Amangama amathathu ‘The three letters’: The emergence of a quotable gesture (emblem)
This paper describes the emergence of a quotable gesture for HIV/AIDS in South Africa. The gesture has its origin in the Zulu phrase amangama amathathu ‘the three letters’, an expression South Africans began to use from the mid-1990s to refer to the acronym HIV. This
phrase generated a plethora of words and phrases for HIV using the concept of ‘three’. With these spoken references, speakers would sometimes use a manual expression for ‘three’ by showing three extended fingers. With repeated use, the manual expression by itself came
to be established as a quotable gesture for HIV. The gesture became independent of speech as a noticeable increase in the number of deaths from HIV occurred. From observations of use in every day situations, speakers use the gesture primarily to mitigate the crude or indelicate effect of directly
saying a person has HIV in speech. Use of the gesture also demonstrates sensitivity and empathy on the part of the speaker and lessens the speaker’s commitment to, and consequently their responsibility for suggesting a person has the disease. Whether for secret communication or openly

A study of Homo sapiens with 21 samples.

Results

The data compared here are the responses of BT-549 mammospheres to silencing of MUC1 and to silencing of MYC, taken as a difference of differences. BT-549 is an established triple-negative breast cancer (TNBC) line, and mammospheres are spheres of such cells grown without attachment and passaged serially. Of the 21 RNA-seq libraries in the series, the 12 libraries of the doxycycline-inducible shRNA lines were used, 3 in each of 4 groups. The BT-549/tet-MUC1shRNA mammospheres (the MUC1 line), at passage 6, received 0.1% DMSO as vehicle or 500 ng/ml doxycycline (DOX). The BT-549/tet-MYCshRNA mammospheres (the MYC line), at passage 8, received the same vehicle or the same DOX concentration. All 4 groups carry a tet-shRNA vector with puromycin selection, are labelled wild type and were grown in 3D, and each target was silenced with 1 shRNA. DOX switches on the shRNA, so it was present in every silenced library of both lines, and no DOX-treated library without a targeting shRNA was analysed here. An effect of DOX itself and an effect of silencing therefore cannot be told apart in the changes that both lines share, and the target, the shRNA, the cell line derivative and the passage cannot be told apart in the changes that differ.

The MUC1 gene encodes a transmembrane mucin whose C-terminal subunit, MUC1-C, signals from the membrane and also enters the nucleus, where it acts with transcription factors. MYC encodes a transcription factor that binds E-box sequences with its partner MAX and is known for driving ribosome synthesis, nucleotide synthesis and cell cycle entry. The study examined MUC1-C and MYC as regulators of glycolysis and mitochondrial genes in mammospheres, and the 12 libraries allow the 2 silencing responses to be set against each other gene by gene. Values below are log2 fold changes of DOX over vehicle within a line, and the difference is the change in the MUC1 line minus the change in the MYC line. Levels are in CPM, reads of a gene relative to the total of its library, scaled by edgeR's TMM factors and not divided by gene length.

displayed for dramatic effect, speakers use this gesture in conjunction with speech in nuanced ways to avoid breaking the spoken taboo and flouting social norms. The emergence of this gesture suggests that speech taboos are a key reason for gestures becoming quotable; hence the large number
of quotable gestures that represent socially awkward and potentially offensive words and speech acts. The adaptation of a counting gesture demonstrates that one source for new quotable gestures may be the re-semanticization of an existing gesture through spoken semantic links. In the case
of the HIV gesture, spoken language played a key role in disseminating the metonym of ‘three’ and establishing a common ground for a quotable gesture to emerge across many communities in South Africa.